It’s 10 pm at Dashashwamedh ghat and the chatter is on. In Varanasi, the high-profile constituency of Prime Minister Narendra Modi, it is politics that now dominates the discourse at ghats. This time, they are talking about the promised cleaning of the Ganga, which has not yet happened, although they do appreciate that the ghats are now much cleaner on the surface. “Choubis ghanta jhaadu chalti rahti hai,” says Gopal Sardar, a Yadav and a Samajwadi Party supporter by default. As anywhere else in UP, community dictates political choice. Most Dalits and almost all Jatavs root for BSP while many Muslims say their first preference is the SP. Upper castes in general claim to be inclined towards the BJP, whose outreach among non-Yadav OBCs seems to have impressed Nonia, Mallah, Prajapati and Mauryas.
Shyamlal Prajapati, who belongs to Kumhar (potter) community, says “Whether the BJP wins or loses, we vote for it.” He lives in Bajardiha area of Varanasi Cantonment. At Ram Bhawan Residence at Munshi Ghat, Ashu Kannoujia, 22, who is of the Dhobi community, says, “In the Lok Sabha poll we voted for Modiji. This time our vote is going to the BSP. Mayawati talks about the poor. Go to Shivpur and see the hundreds of homes she had given to the poor in Kanshiram Awas.” But Om Prakash Pandey says “Modi needs to be given time. Hindus are being demoralised. We need something.”
At Golgadda market, Naseer says, “Akhilesh has done a good job, we will vote for the SP-Congress.” Parvez Mallick agrees. When Shiv Jaiswal, who runs a paan shop, says he will vote for the BJP, Muslim shopkeepers ask him what Modi has done. Jaiswal replies, “When Muslims vote for SP and BSP, it does not become an issue. Why it is so when Hindus vote for BJP?” Anil Kumar Agrahari contradicts the view that Banias are unhappy with demonetisation. “Only big businessmen were unhappy. Chhota Bania masti me hai.”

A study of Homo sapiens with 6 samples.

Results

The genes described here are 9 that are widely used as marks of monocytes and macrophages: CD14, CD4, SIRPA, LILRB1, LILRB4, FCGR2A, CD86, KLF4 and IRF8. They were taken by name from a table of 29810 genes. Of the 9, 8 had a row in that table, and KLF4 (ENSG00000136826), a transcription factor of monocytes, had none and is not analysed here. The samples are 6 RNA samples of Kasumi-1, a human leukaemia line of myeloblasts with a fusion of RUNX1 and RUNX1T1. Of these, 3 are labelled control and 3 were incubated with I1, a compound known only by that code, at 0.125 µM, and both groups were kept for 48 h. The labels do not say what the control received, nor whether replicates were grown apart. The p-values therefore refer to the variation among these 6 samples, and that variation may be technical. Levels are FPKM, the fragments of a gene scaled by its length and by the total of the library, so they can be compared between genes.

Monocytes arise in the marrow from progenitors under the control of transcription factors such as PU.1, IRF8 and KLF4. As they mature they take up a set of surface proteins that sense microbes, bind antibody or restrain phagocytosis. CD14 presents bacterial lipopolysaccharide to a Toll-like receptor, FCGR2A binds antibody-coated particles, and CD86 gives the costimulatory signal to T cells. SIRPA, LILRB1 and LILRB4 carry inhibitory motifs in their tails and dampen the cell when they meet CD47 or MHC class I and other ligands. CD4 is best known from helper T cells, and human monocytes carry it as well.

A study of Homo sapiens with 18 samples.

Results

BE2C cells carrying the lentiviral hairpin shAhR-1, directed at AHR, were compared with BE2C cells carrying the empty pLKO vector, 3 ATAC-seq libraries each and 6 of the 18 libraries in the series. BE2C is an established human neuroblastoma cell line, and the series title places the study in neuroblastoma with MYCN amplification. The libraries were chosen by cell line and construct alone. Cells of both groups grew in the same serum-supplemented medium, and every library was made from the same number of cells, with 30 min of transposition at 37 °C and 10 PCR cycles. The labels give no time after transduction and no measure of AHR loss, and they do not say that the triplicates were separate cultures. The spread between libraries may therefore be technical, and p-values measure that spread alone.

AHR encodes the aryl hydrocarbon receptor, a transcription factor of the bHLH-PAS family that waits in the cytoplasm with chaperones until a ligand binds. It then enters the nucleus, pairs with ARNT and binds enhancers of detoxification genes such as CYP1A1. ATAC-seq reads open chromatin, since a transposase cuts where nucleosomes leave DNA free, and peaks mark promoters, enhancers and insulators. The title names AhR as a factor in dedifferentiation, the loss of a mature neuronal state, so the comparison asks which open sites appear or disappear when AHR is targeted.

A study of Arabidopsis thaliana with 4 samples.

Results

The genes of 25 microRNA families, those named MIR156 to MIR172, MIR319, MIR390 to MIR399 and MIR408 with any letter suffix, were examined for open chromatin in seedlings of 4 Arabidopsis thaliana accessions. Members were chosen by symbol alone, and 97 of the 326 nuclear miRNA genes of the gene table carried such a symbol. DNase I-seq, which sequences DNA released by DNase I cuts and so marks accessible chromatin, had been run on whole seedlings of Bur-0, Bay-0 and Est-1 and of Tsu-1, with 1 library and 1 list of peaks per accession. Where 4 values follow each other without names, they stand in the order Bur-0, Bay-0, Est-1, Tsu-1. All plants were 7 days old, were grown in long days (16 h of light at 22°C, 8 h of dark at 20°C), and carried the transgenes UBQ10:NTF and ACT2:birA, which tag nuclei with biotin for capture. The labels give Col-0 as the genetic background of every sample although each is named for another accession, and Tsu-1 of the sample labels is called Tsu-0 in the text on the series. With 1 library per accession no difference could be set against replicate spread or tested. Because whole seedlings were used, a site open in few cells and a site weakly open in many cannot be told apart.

Of Varanasi’s five assembly seats, the three in the city – Varanasi South, North and Cantonment — are held by the BJP while Sewapuri and Rohania are with the SP. In Varanasi South, the BJP replaced seven-time MLA Shyamdeb Roy Choudhury with the young Neelkanth Tiwari, while the SP-Congress has fielded former MP Rajesh Mishra and the BSP Rakesh Tripathi. In Varanasi North, sitting BJP MLA Ravindra Jaiswal faces Samad Chudhary from SP-Congress; he was in the SP but is now contesting as the Congress candidate. BSP candidate Sujit Kumar Maurya belongs to a community being wooed by the BJP. In Varanasi Cantonment, MLA Jyotsna Srivastava’s son Sourabh has got the BJP ticket, upsetting some leaders who feel the seat has become a family pocket borough. Sourabh’s father Harish Srivastava earlier represented the seat. The BJP’s Kisan Morcha general secretary, Sujeet Singh Tikka, and veteran leader Ashok Kumar have rebelled as independents. The Congress has fielded Anil Shrivastava.